WASHINGTON D.C. -- The U.S. heldtalks with China Tuesday and called for deeper cooperation between the two countries.
The State Department said the two sides discussed regional terrorist threats, aviation security, information sharing, border security, safeguarding human rights, and countering violent extremism. Experts also talked about countering improvised explosive devices.
The U.S. side was led by the department’s acting coordinator for counterterrorism Justin Siberell. China’s delegation was led by its Foreign Affairs Assistant Minister Li Huilai.
“The United States looks forward to continued counterterrorism exchanges with China to broaden and deepen cooperation between the two countries,” a State Department statement said.
The dialogue has been held annually since 2014, but faces criticism from human rights groups.
China blames a spike in militant attacks in its restive far west on a group called the Turkestan Islamic Movement. Rights groups say China plays up the threat of militancy by its ethnic Uighur minority to justify abusive law-enforcement policies and religious restrictions.
Sophie Richardson, China director at Human Rights Watch, said some of the Chinese government agencies taking part in the dialogue, including the Public Security Bureau and Ministry of State Security, have “deeply problematic human rights track records.”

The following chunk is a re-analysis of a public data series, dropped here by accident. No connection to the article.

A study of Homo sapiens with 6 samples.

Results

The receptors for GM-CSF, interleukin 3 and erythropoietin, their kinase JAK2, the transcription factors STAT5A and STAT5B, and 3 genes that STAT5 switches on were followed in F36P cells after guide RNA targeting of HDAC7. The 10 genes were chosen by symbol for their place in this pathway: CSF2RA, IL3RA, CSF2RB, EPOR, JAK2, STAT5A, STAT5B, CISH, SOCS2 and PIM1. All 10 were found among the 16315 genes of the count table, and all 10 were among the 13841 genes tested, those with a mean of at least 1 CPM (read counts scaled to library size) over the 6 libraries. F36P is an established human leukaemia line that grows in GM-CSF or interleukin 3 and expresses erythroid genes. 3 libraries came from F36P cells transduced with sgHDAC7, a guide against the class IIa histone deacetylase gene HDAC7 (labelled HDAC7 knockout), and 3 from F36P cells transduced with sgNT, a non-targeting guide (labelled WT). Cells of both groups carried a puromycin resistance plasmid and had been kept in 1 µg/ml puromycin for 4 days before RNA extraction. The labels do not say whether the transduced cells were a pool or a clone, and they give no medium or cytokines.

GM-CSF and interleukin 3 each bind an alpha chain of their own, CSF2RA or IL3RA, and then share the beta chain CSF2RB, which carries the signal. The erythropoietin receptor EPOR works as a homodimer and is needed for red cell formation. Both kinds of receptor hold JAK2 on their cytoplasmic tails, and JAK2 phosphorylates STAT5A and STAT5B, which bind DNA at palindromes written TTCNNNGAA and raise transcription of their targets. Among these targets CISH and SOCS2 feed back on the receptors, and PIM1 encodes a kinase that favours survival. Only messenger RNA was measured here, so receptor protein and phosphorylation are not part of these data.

She said China should stop labeling as terrorists peaceful government critics such as Ilham Tohti, an outspoken economics professor and ethnic Uighur, who was sentenced in 2014 to life in prison on separatism charges.
“What can the U.S. hope to achieve on complex issues like terrorism with a government that won’t prosecute police and other officials for serious human rights violations?” Richardson said.
Earlier this year, a State Department report said that during 2015, counterterrorism cooperation between the U.S. and China remained limited. It said Chinese law enforcement agencies are generally reluctant to conduct joint investigations or share specific threat information.
Cooperation was further constrained by “China’s conflation of religious expression with violent extremism,” the report said.